Re: [PATCH]: Free pages from local pcp lists under tight memoryconditions
From: Rohit Seth
Date: Wed Nov 23 2005 - 15:52:58 EST
On Wed, 2005-11-23 at 11:55 -0800, Andrew Morton wrote:
> Rohit Seth <rohit.seth@xxxxxxxxx> wrote:
> > On Wed, 2005-11-23 at 11:30 -0800, Christoph Lameter wrote:
> > > On Tue, 22 Nov 2005, Rohit Seth wrote:
> > >
> > > > [PATCH]: This patch free pages (pcp->batch from each list at a time) from
> > > > local pcp lists when a higher order allocation request is not able to
> > > > get serviced from global free_list.
> > >
> > > Ummm.. One controversial idea: How about removing the complete pcp
> > > subsystem? Last time we disabled pcps we saw that the effect
> > > that it had was within noise ratio on AIM7. The lru lock taken without
> > > pcp is in the local zone and thus rarely contended.
> > Oh please stop.
> > This per_cpu_pagelist is one great logic that has got added in
> > allocator. Besides providing pages without the need to acquire the zone
> > lock, it is one single main reason the coloring effect is drastically
> > reduced in 2.6 (over 2.4) based kernels.
> hm. Before it was merged in 2.5.x, the feature was very marginal from a
> performance POV in my testing on 4-way.
One less lock to worry about in the page allocation should help
somewhere I would assume.
> I was able to demonstrate a large (~60%?) speedup in one microbenckmark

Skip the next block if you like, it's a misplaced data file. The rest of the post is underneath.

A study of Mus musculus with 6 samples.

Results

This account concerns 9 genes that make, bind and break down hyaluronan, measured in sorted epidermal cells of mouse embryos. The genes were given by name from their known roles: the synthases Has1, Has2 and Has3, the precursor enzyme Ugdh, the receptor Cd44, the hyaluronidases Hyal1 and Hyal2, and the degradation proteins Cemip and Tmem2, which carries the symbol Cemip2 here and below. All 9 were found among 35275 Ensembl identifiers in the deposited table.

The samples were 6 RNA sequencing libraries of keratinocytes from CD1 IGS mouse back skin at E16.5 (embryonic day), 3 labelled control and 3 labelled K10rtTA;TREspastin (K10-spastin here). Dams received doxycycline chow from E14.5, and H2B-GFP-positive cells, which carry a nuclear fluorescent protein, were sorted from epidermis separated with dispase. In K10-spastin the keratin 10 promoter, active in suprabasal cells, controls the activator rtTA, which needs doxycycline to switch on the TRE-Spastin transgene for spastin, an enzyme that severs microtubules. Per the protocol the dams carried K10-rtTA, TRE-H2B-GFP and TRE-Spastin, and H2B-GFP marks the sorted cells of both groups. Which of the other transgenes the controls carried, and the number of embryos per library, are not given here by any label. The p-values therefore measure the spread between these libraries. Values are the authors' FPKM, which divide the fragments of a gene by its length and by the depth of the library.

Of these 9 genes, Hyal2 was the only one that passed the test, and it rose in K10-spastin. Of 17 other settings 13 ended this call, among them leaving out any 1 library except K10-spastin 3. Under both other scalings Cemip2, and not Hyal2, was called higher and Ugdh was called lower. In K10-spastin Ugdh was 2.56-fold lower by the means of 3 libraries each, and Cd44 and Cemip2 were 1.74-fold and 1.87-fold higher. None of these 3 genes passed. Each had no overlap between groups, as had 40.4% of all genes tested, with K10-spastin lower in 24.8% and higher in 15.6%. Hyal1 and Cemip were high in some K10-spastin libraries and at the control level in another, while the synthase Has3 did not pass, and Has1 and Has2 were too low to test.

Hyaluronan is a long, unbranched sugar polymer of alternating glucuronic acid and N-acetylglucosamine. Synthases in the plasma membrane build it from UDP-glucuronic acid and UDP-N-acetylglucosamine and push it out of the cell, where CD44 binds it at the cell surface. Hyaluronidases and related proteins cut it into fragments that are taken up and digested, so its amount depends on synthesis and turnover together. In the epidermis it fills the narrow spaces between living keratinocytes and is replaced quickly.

> which consisted of four processes writing 16k to a file and truncating it
> back to zero again. That gain came from the cache warmth effect, which is
> the other benefit which these cpu-local pages are supposed to provide.
That is right.
> I don't think Martin was able to demonstrate much benefit from the lock
> contention reduction on 16-way NUMAQ either.
> So I dithered for months and it was a marginal merge, so it's appropriate
> to justify the continued presence of the code.
May be the limits on the number of pages hanging on the per_cpu_pagelist
was (or even now is) too small (for them to give any meaningful gain).
May be we should have more physical contiguity in each of these pcps to
give better cache spread.
> We didn't measure for any coloring effects though. In fact, I didn't know
> that this feature actually provided any benefit in that area.
I thought Nick et.al came up with some of the constant values like batch
size to tackle the page coloring issue specifically. In any case, I
think one of the key difference between 2.4 and 2.6 allocators is the
pcp list. And even with the minuscule batch and high watermarks this is
helping ordinary benchmarks (by reducing the variation from run to run).